I was 30th in the Toyota Bassmaster Angler of the Year standings going into the final two Elite Series events of 2019. I was also 80 points above the cutline for the 2020 Bassmaster Classic. My dream of qualifying for the Classic was well within reach.
I was excited but not overconfident. Tournament fishing is the most humbling sport on planet Earth. I could still blow it. The Classic was mine to lose.
Due to high water at Fort Gibson, the Elite tournament that had been scheduled there was moved to Tenkiller. I had never fished Tenkiller, but I liked the change in venues because few of the other pros had any experience on that lake either. I figured it would be a grinder’s tournament. That was fine with me because I normally do well when I fish a grinder.
It didn’t take long in practice to determine that Tenkiller is a clear, highland lake. The water level was high enough to flood shoreline bushes. I love to flip bushes, but the lake was falling nearly 6 inches a day and the bushes would be high and dry once the tournament started.
While I knew there were offshore fish to be caught, there are always bass shallow up in the dirt where I like to fish. With the falling lake level, I suspected some of the bass would move to vertical banks where they would have quick access to deeper water.
With my Lowrance electronics, I found a number of places where the bass where relating to the first bluff wall heading out of a creek. The bluffs dropped straight down into 5 to 10 feet of water.
I caught my bass by scraping the walls with number 7 and number 9 Berkley Frittside crankbaits. The Frittsides are flat-sided crankbaits that have a tight wiggle. They’re great for catching lethargic or pressured fish. The bass were pretty lethargic because the air temperature got up over 100 degrees almost every day at Tenkiller.
I was catching way more spotted bass than largemouth. The slot limit allowed us to weigh spots that measured 12 inches. The largemouth had to be 16 inches in length. I needed two or three spots every day to fill my limit. I also caught a lot of 15 3/4-inch largemouth, but the keepers didn’t show up until the afternoon.
I caught enough bass at Tenkiller to finish in 10th place. I needed to catch only one bass to secure my Classic spot the next week at the Toyota Bassmaster Angler of the Year Championship on Lake St. Clair.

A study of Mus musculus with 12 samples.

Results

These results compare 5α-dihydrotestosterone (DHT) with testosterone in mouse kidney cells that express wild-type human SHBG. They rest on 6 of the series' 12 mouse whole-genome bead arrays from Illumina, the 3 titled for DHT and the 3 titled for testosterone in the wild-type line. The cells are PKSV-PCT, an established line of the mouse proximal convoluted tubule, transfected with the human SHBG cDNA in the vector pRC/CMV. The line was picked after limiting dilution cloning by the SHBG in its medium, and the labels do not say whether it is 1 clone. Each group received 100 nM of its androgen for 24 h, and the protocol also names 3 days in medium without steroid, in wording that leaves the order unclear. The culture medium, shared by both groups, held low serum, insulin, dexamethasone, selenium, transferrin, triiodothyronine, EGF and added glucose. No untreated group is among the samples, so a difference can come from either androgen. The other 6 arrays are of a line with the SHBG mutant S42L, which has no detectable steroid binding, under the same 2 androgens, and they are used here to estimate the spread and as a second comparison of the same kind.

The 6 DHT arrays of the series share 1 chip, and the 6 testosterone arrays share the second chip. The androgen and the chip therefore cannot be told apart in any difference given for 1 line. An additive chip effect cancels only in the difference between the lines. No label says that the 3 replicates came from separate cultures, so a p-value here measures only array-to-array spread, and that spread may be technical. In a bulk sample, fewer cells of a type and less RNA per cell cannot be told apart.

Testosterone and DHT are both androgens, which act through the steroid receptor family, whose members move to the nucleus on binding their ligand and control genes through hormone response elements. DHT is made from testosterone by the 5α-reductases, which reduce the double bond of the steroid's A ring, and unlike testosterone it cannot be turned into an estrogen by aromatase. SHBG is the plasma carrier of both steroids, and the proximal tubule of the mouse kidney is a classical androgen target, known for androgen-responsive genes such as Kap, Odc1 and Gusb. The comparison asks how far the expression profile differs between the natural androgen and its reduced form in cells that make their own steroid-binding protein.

What I had accomplished at Tenkiller really didn’t sink in until the first day of the St. Clair tournament. I culled a limit that day that weighed almost 22 pounds. All I had to do was ride to the weigh-in, and I was going to the Bassmaster Classic. It’s hard to explain how good that felt.
It would have been easy to slack off and be content with qualifying for the Classic. But I had moved up to 22nd place in the AOY standings. The top 20 earn a bigger paycheck, and I wanted to cash in. That kept me motivated.
A lot of the guys did well fishing crankbaits at St. Clair. I had found an area where I could crank up hefty smallmouth bass during practice. Unfortunately, they moved, which is what smallies are notorious for.
I wound up fishing a large area with a drop-shot rig. There was an algae bloom there and the wind would push the algae around. I had to fish different areas every day to stay in clean water.
Sometimes smallmouth will bite in an algae bloom, but I didn’t want to waste time fishing in that stuff to find out. I was fortunate enough to find clear water every day and hang in there until I hit a flurry. My productive areas had short peppergrass growing on the bottom in 12 to 16 feet of water.
A lot of guys caught their smallmouth in community holes that attracted five to 10 competitors. I stayed out of the crowds. I caught enough smallmouth to claim ninth place at St. Clair and finished the season 18th in the AOY standings.
Can’t wait to see you at the Classic!